Here are three images of winged cats. The best discussions about winged cat come from two sources (1) Dr Desmond Morris in his book Cat World and (2) Sarah Hartwell on her website messybeast.com. Sarah Hartwell provides a massively detailed discussion on the subject. Many thanks Sarah.
Dr Desmond Morris wrote his article on winged cats before or during 1996 and since then we’ve learnt to understand better what winged cats are about. One thing they’re not about is cats with genuine wings. These are not flying domestic cats and I think pretty well everyone on the planet, by now, realises that.
Desmond Morris refers to several examples of winged cats. I have picked up on two of them because they are illustrated on Sarah Hartwell’s website and I use the photographs on this page. I’m sure that Sarah won’t mind me doing it.
The first one I’d like to mention is a winged cat from Somerset, England dating from 1899. Dr Morris says that the cat was a tabby living in the village of Wivelscombe. He writes that the cat had “two fur-covered phalanges protruding from its back which flapped about when the cat ran”. The photograph of it appeared in the November 1899 issue of Strand magazine and caused a minor sensation.
The second example of a winged cat was said to have been exhibited in the 1930s at the Oxford Zoo (closed in 1939). I take this to be the illustration of a winged cat from Summertown, Oxford in 1933.
The most common reason for images of winged cats is that the cats have matted fur (see above). Sometimes the matts become so large and long that they can flap around on the body. Indeed not uncommonly there are cases of cat neglect and abuse featured on the Internet in which cats have been seen dragging around several pounds of matted fur behind them.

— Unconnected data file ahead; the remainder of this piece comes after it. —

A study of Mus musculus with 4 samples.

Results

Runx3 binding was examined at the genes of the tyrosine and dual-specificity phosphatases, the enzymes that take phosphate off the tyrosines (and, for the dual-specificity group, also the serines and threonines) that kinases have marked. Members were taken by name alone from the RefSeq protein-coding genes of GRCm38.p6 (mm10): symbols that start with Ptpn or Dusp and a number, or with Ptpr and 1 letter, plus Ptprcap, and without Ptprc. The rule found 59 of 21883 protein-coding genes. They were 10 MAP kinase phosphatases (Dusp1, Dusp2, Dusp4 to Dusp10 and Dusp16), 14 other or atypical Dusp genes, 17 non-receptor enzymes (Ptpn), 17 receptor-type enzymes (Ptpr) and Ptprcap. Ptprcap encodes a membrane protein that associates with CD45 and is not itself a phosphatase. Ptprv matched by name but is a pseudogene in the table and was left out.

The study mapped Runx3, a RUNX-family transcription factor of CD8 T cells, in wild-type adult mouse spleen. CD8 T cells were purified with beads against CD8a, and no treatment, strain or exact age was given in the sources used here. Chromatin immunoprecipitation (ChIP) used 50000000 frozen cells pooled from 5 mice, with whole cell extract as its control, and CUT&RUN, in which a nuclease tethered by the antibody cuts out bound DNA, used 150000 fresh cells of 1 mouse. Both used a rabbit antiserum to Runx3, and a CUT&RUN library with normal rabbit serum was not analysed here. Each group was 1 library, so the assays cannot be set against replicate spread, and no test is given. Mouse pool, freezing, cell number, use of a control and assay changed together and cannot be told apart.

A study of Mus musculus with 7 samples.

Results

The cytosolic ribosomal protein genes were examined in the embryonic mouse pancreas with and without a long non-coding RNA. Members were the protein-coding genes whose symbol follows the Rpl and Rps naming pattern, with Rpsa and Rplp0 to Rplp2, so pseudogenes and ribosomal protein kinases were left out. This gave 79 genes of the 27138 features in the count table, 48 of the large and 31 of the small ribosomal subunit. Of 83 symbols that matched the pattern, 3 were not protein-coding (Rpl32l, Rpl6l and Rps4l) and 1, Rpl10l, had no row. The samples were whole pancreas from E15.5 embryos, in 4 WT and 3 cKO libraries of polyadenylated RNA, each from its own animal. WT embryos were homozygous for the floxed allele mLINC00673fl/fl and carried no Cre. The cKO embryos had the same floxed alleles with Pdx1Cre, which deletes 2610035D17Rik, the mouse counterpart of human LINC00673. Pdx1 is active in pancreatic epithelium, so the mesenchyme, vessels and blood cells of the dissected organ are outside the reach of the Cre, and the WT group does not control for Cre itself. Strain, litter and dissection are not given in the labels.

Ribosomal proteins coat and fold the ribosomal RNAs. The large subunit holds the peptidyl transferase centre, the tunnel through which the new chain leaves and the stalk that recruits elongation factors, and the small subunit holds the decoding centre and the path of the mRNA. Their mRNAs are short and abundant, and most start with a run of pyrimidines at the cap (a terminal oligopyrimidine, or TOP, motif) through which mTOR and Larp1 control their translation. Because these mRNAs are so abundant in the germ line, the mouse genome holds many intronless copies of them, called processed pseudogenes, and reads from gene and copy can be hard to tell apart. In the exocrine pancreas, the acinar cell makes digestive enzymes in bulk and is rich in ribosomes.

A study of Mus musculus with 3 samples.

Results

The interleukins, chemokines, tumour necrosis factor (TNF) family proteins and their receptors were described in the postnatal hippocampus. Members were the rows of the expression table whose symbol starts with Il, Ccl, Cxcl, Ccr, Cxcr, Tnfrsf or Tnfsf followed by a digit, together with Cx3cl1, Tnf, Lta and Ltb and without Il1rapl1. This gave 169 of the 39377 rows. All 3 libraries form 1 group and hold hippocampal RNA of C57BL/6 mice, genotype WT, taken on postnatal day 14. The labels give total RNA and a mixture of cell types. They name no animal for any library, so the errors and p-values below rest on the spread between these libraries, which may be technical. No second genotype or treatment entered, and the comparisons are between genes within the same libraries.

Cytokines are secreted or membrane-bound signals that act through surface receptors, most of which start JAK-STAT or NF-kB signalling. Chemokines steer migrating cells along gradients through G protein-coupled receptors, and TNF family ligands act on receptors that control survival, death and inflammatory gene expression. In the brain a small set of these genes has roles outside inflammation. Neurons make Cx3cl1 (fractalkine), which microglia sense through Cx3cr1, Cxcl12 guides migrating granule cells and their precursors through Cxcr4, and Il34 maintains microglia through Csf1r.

Besides matted fur and cat neglect due to not grooming a longhaired cat, other causes of winged cats are (1) supernumerary limbs due to a conjoined twin and (2) elastic skin due to a condition called Feline Cutaneous Asthenia – FCA. This is also referred to as ‘weak skin’ which affects people as well as cats (but extremely rarely). This information comes from Sarah Hartwell.
Dr Desmond Morris, who as mentioned wrote his piece on the subject before or in 1996, was somewhat perplexed by winged cats. His main suggestion was that the cause was a feline genetic mutation. An alternative was a recurrent congenital deformity. His third suggestion was that all of the winged cats written about were because of a widespread deception.
It appears that on all counts he was not quite correct but then he did not have the chance to inspect the cats which would surely have lead to an accurate explanation as he is a brilliant zoologist. Although news media tended to sensationalise the story of winged cats, making suggestions and exaggerating claims which put the idea into the minds of readers that these may indeed be cats with genuine wings. Some people are obsessed with freakshow animals which can lead to them believing what would normally be the unbelievable.